As a fleet manager preparing to purchase equipment, you have planned, conferenced, studied, asked questions, attended equipment shows and informed yourself as best you could. Now, it is time to write the specs for your new equipment order. How do you know that what you request will be what you get?
The short answers: Deal with reliable manufacturers that warranty their products. Weigh quality against price. And, most importantly, realize that your expertise lies in using and maintaining the equipment not in designing or building it.
When I assumed the position as head of the city of Los Angeles' refuse division, I realized that I needed help with my equipment purchasing. This procedure did not resemble buying a family car: There were no lots, showrooms or advertisements to browse. Fortunately, I received a lot of guidance from a group of experts in the fleet management bureau and their technical services personnel.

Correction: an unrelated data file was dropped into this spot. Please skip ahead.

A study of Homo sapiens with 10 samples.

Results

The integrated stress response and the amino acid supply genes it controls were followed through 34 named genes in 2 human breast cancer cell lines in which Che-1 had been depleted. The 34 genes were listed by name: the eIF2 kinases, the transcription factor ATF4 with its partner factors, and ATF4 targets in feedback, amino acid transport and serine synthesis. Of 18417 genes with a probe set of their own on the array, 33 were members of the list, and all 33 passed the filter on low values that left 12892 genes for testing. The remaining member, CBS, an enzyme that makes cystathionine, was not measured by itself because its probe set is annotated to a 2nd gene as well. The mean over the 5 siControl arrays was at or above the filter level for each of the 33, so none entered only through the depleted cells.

As I learned how to spec, I realized that my expertise was in knowing how I needed this equipment to function. Building on that knowledge, the manufacturing representatives educated me as to what was possible to put into or on a vehicle.
Thus, I learned that equipment manufacturers and equipment users are allies. In order to reach the ally status, however, manufacturers and users first must understand one another.
To start forging this road of understanding, World Wastes asked a representative from an equipment manufacturer, Wayne Engineering Inc., and from an equipment buyer, the city of Los Angeles, for advice on how to ensure that the equipment delivered to the buyer will perform the required tasks.